Marset Funiculí Marset Funiculí Marset Funiculí Marset Funiculí Marset Funiculí Marset Funiculí Marset Funiculí
Throughout his career as a designer, Lluís Porqueras has always sought an absolute simplicity in his designs, doing away with everything superfluous to leave the essence of the useful, simple object. The Funiculí is the epitome of that concept; 30 years after it first appeared, it is still cutting-edge. While the standard Funiculí was updated last year, the collection has also been extended to incorporate table and wall versions, which retain both the purity of the fixture’s style and its original attributes. Using the same double-clip mechanism of the original, these scaled-down models allow easy height adjustment and 360º shade rotation to fit the needs of any room or user. The base of the table model has been fitted with a black rubber sleeve to prevent cold-contact between the metal and the table, and to impart additional stability. All versions are available in black, white, red, beige, moss grey and a new color, blue.
Porqueras himself recognises that he began designing without really knowing what industrial design was all about. After doing some courses in architecture and renovating a few country houses, in 1956 he set up Stoa, the first Catalan design studio, which, amongst other things, brought out lights by Enric Franch.
Together with Jaume Vaquero, he established Vapor in 1979. The company manufactured warm, simple lamps, going against the technological trendiness of the times. “I made very simple things”, affirms Lluís. “Even though the manufacturing process involved 25 separate operations, the end result was simplicity itself; all I wanted to do was to pare away, to pare away and to pare away until I reached the pure essence of a simple, useful object!”.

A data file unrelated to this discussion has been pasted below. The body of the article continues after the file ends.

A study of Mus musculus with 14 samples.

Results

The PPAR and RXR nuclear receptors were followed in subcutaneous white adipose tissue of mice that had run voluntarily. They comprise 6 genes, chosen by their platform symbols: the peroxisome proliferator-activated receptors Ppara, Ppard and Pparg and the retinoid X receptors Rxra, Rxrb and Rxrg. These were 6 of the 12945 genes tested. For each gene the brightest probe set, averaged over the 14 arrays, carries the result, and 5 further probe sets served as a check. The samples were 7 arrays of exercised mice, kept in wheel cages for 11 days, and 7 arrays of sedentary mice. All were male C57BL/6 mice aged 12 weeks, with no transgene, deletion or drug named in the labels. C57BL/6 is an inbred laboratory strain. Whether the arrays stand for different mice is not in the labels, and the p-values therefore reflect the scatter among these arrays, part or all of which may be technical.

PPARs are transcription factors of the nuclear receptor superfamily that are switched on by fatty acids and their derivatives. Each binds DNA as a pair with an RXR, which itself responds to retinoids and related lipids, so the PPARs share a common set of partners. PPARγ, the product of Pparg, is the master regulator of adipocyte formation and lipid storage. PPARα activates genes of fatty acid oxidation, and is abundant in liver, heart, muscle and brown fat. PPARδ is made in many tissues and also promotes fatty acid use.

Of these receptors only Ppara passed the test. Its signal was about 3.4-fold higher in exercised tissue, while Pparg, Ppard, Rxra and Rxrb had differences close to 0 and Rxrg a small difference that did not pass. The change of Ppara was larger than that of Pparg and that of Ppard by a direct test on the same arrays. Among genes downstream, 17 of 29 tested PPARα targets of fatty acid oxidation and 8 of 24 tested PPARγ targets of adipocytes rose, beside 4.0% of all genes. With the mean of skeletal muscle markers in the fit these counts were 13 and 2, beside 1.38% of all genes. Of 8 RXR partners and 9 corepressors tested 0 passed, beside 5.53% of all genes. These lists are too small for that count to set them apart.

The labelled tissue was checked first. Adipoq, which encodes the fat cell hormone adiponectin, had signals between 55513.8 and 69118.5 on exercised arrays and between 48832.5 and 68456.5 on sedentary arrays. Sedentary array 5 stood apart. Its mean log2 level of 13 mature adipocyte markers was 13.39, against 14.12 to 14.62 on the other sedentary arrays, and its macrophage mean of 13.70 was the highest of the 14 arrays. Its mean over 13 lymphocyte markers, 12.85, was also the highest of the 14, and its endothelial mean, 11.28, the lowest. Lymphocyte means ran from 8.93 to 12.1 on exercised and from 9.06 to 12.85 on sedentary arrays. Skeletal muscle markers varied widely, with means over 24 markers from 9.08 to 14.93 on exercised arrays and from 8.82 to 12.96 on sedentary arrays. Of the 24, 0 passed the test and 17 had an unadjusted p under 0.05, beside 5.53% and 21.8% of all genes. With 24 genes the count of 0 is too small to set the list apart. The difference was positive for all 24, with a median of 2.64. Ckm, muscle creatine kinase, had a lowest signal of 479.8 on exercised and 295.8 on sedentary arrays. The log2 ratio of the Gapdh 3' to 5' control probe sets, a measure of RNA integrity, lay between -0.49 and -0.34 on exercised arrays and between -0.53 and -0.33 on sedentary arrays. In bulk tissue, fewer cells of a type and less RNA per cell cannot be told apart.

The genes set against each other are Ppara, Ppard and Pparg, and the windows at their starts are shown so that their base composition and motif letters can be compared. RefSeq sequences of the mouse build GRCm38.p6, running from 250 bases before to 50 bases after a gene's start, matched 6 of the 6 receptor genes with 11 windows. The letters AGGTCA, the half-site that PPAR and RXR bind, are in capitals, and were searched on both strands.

In his own words, “In time, I have come to realise that I have been a very bad businessman. Luckily, Marset showed an interest in what we were doing in Vapor and the major part of our catalogue now forms part of their collection”.
Some time later, he worked for Targetti for 3 years to create a lighting series. In addition to creating lights for his own organisation, he has also collaborated with companies such as Mobles 114 and Santa&Cole.
The hanging Claris lamp and the Finisterre street marker, designed in conjunction with Joan Gaspar, stand out amongst his many designs.
“Thinking about it, I have always believed that the light in a room must also go with shadow, that there should be contrasts with the points of light. This is what creates well-being, calm; your home must be a refuge from the aggressive outdoors in the city. Lights are lit for several hours a day, and the rest of the time they must maintain a certain discretion so that they do not bother you when they are off, and only become noticeable when they are on… like glow worms. Fashion does not interest me, and I have never made fashionable lights because they soon go out of fashion. I have always made lamps I liked.”